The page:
You don't need oysters for pearls, girls

Once the province of Sloanes and royals, the simple sea gem now has cool, catwalk cachet
Diamonds are flashy, rubies can be vulgar. But a string of pearls is an enduring symbol of perfect taste and a certain understated English elegance. Grace Kelly, queen of refined dressing, made them as much a part of her look as the handbag that Hermes named after her. In the Twenties, they were the only way to accessorise the sporty Chanel suit. They survived the Second World War and the vicissitudes of fashion in the decades that followed - until, that is, the tasteless Eigh-ties. Appropriated by screeching Sloane Rangers, who wore them indiscriminately with anything from upturned shirt collars to billowing ball-gowns, they became a fashion no-no for everyone else. And Margaret Thatcher, who once referred to her pearls as "lucky", was never seen without them. The demise of the pearl seemed absolute. But now the twinset and elegant dressing have returned to catwalks from Paris to New York, and pearls are set for (yet another) revival.

Mikimoto, famous for its cultured pearls, is fuelling the boom. The jewellery company that is Japan's answer to Asprey opened its first London store in New Bond Street last week. Ever since Kokichi Mikimoto, the company's founder, had the foresight to produce the world's first cultured pearl in 1893, Mikimoto has been renowned for the quality of its pearls. Members of the Royal family snap up their supplies here, as does Mick Jagger for Jerry and his daughter Jade. Ten years in the making, they don't come cheap. A necklace made of the highest quality South Sea Island pearls held together by a diamond clasp, are closer to the price of a new car.

Because of their value, pearls were traditionally associated with royalty and the upper classes. The ostenatious Elizabeth I adored them and even wore them in her red hair and one of Queen Victoria's favourite love gifts from her darling Albert was an Elizabethan-style heart-shaped brooch surmounted by a crown of four freshwater pearls. Signifying innocence, purity and perfection, jewellers had been weaving pearls into emblems of love long before Albert and Victoria were paramours. But there is also a black pearl, the rarest and most valuable of all, whose existence delighted Renaissance jewellers as well as Rubens who, in Venus before a Mirror, shows the goddess with both, symbolising the dark, as well as the light, side of love.

Today the magical and metaphorical significance of the pearl is largely forotten. Fat faux pearls are as much in demand as a restrained single strand of the real thing and the rich, the famous and the fashion-conscious are all buying them. At Vivienne Westwood's Conduit Street shop in London's West End, the pearl chokers and earrings she has been selling since her mini crini collection in 1985 are selling better than ever. Three-strand chokers with trademark orb pendants go for pounds 300. And they are not even real but, like most faux pearls, are made - quite convincingly - from plastic. Meanwhile, at costume jewellers Butler & Wilson, lattice faux pearl chokers are this season's bestseller at pounds 58 a piece, while the likes of Demi Moore, Cher, Iman and Zsa Zsa Gabor are queuing up for the medieval-style shirt cuffs (pounds 875) and chokers (pounds 995) woven out of seed and large, irregular baroque pearls by Californian gemologist Ezmiralda Gordon.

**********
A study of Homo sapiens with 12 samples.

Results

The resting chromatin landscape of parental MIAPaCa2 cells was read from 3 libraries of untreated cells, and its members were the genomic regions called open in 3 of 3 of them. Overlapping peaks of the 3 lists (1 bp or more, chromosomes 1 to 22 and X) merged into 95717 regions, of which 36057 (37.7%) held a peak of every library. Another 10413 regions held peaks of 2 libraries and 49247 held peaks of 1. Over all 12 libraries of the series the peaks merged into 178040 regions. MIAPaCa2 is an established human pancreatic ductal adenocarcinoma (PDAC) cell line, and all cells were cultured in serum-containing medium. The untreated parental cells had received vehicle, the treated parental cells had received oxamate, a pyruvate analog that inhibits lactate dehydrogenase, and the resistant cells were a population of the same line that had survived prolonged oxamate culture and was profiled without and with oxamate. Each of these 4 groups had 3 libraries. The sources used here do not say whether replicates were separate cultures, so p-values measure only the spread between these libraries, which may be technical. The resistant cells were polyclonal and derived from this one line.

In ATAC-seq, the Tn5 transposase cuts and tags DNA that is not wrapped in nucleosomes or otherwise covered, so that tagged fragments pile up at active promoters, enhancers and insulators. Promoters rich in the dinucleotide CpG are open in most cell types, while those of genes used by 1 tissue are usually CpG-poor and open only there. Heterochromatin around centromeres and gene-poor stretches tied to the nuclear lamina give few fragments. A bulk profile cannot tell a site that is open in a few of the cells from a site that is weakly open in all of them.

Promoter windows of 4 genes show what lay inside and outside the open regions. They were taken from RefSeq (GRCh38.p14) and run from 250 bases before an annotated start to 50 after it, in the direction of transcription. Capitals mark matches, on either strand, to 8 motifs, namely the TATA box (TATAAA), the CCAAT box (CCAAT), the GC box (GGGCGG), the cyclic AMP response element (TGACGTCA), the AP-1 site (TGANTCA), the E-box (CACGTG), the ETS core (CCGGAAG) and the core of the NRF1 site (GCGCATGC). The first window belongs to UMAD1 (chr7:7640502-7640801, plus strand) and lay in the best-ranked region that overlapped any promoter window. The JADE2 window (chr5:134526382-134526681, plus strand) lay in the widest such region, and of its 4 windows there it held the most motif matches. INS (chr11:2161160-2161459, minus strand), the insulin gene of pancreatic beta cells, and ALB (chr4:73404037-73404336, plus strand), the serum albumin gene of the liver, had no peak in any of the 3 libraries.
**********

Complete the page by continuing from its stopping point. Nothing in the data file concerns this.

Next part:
But if you want to join this illustrious string of pearl wearers and are willing to eschew an authenticity certificate or a designer label, a department store should have what you're looking for. The best are by Spanish company Majorica, with prices starting at a more affordable pounds 15. Majorica makes what it calls "organic" pearls by a process involving, not oysters or plastic, but fish. Scales from an assortment of fish are used to coat the core of the "pearl". After several coatings, the pearl is polished and then dipped into the fish-scale mixture again. With prices starting at pounds 15, it's farewell, louche diamonds and rude rubies. A string of pearls is the Nineties accessory you dare not be without.

Pearls of wisdom

When investing in a pearl necklace or earrings, you should look out for colour, shape and size. Distinctive colour, whether pink, white, silver or black, is proof of high quality. They should also be deeply lustrous. Japanese cultured pearls vary between 2mm and 10mm; pearls over 9mm are rare and usually come from the South Seas, where they are cultivated up to 15mm. Flaws on a pearl are a sign that it is genuine, but the cleaner the pearl, the better the quality.

Vivienne Westwood pearls available from World's End, Kings Road, SW10; Liberty, Regent Street, W1; Smith & Westwood, Clayton Square, Liverpool; Chanel, 19-21 Old Bond Street, W1; Mikimoto, 179 New Bond Street, W1; Majorica Pearls, available from Selfridges, House of Fraser, Allders, Ernest Jones, Northern Goldsmiths and independent retailers nationwide; Manguette, 20a Kensington Church Street, London W8; inquiries, 0171 937 2897; Butler & Wilson faux pearls available from 189 Fulham Road, London SW3 and 20 South Molton Street, London W1 and from Selfridges and leading department stores. For information on where to get your pearls re-strung, call the Jewellery Quarter Discovery Centre on 0121 554 3598.